Stacy’s Scrapbook


The Manistee Newspapers were filled with the news.  Stacy had not only won, but he had won big.  He was one of only five democrats who would go to Lansing, representing Manistee, Michigan. His star was on the rise!


Thompson is an artless campaigner.  When he was elected as a delegate to the county conventions the Democratic party – a party in name only and with organization in the county – he went simply as one of the remnants ready to accept defeat as the Socialists seem ready to do, in order to gain a footing. When his name was proposed he wanted to decline the nomination, but in the face of a mere handful of delegates such a course seemed impolitic and in due course of time it was certified with the balance of the county nominees of the Democratic ticket to the county clerk.

Never for a moment had Mr. Thompson considered election a possibility, but when certain of his friends urged upon him the necessity of making a campaign showing, he began to see the seriousness of the nomination.  Accordingly, he set about to find the voters.  For years  he had been considered one of the leaders of the independent Democracy in the county, but this independent organization was tabooed by the majority of regular Democrats as well as Republicans, and when his candidacy was announced at the convention, it was not the Republicans who began devising plans for his defeat, but the Democrats.  From that moment Stacy’s chances of election were bright and with the skill of an adroit politician, he devised a platform to appeal to the laboring classes, the farmers and tradespeople.  This platform was printed in quantities sufficient to give every voter in the county eight or ten copies and was distributed personally and by mail.

In that Platform, Mr. Thompson declared first in favor of majority rule and opposition to dictation by a railroad lobby; second, the adoption of a primary law covering all offices alike, from governor to coroner; opposition to the acceptance of railroad passes or favors from public service corporations by public officials; favoring closer scrutiny by the legislature by the various state offices and institutions; favoring the equal taxation of railroad and mining corporations with individuals; opposition to the present system of mortgage taxation; United States Senators should be elected by direct vote of the people, and favors legislation providing for referendum vote of people at the annual election preceding the selection by the legislature.  Last not least, the Democratic representative announces that he believes in the system known as the inititive and referendum and will use his best efforts to secure the success of these principles.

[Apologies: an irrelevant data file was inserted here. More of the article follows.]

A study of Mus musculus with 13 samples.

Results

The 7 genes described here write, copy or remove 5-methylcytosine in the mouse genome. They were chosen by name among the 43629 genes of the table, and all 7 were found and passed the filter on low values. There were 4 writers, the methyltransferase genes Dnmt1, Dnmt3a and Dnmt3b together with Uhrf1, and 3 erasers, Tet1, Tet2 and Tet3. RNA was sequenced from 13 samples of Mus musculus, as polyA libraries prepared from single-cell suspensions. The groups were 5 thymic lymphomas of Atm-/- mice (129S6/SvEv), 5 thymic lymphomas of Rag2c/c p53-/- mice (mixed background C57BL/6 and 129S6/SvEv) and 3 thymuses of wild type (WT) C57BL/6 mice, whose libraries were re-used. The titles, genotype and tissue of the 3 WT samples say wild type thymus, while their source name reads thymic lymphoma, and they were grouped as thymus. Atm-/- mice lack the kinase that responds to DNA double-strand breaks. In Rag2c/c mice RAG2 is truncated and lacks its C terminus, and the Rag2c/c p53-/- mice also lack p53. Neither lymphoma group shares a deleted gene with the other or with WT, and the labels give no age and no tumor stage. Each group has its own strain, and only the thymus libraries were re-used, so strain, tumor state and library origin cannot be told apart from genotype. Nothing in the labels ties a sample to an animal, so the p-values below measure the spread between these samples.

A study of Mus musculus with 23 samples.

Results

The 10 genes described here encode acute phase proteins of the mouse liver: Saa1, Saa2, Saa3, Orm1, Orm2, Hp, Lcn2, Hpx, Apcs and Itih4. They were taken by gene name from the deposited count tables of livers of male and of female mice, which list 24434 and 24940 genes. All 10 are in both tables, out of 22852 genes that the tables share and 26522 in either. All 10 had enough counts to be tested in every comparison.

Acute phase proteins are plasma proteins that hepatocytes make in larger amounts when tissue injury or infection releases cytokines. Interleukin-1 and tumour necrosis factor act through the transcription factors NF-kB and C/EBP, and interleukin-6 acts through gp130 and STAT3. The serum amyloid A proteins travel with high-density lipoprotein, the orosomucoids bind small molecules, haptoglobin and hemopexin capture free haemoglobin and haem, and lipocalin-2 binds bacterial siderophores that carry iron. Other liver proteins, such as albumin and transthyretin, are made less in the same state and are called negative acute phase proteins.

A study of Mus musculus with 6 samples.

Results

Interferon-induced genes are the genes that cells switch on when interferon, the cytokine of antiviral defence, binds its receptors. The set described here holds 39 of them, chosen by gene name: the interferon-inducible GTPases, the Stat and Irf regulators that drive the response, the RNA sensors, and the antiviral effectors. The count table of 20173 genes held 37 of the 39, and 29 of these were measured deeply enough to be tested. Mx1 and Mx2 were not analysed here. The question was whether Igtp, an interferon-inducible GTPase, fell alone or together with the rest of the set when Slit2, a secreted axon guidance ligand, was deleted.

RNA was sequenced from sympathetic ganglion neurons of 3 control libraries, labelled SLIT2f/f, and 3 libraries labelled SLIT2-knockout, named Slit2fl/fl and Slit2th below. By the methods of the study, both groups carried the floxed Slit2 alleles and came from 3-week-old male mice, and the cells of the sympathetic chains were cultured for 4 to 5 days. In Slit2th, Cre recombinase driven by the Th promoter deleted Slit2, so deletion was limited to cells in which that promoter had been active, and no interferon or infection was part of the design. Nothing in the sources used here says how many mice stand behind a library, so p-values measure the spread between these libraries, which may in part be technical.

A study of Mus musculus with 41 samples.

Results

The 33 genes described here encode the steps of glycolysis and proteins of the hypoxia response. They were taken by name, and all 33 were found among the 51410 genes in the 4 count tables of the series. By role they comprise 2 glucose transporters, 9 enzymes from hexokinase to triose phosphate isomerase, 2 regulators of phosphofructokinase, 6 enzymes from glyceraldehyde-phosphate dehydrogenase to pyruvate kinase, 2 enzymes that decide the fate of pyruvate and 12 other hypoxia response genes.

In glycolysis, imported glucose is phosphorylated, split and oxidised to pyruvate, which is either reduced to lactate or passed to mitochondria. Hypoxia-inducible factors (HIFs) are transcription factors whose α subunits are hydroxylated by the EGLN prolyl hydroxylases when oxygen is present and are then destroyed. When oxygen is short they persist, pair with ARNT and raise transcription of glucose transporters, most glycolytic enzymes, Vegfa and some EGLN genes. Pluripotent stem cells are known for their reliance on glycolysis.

MANISTEE, Mich, Nov. 9 – Elected a member off the state legislature on the Democratic ticket in this a strong Republican county, Stacy C. Thompson when asked as to his probable program in the legislature cites the inquirer to his platform on which he was elected and which he distributed broadcast throughout the county.

My purpose is to serve the best interests of my county and state.  “My position upon some important questions that I think ought to engage the attention of the next legislature is quite fully set forth in the platform,” he says.

Mr. Thompson, in his platform, declares against class legislation and the dictations of a railroad lobby, favors a uniform primary election law covering all offices alike, opposes the acceptance of favors from public service corporations, opposes legislative junkets, and favors close scrutiny of state offices and institutions by the legislature with a view in keeping down expenses, favors equal taxation of individuals and corporations on actual value of property, opposes the present mortgage tax and favors the direct election of United States senators and the adoption of the initiative and referendum in state affairs.

Mr. Thompson came to Manistee in 1870 and for 20 years followed various lines of newspaper work.  He is now engaged in the real estate business and is president and manager of the Red Water Land & Canal company of Belle Fouche, S.D.

Stacy is known as an independent Democrat and was opposed by the old line members of the party.  His appeal was direct to the people and he was elected by a plurality of 766, while the Republican majorities ran from 500 to 1,000.


Mr. Zacharias, who vanquished Thomas G. Baille, in the first Saginaw representative district, is only 26 years old.  This is his first successful venture into politics. Four years ago he ran for supervisor of his ward, but was defeated.

Mr. Thompson, who will represent Manistee county at Lansing next winter, is almost twice Mr. Zacharias’s age, having been born in 1856.  He has lived in Manistee since 1870, and his campaign is his first experience as a candidate for political office.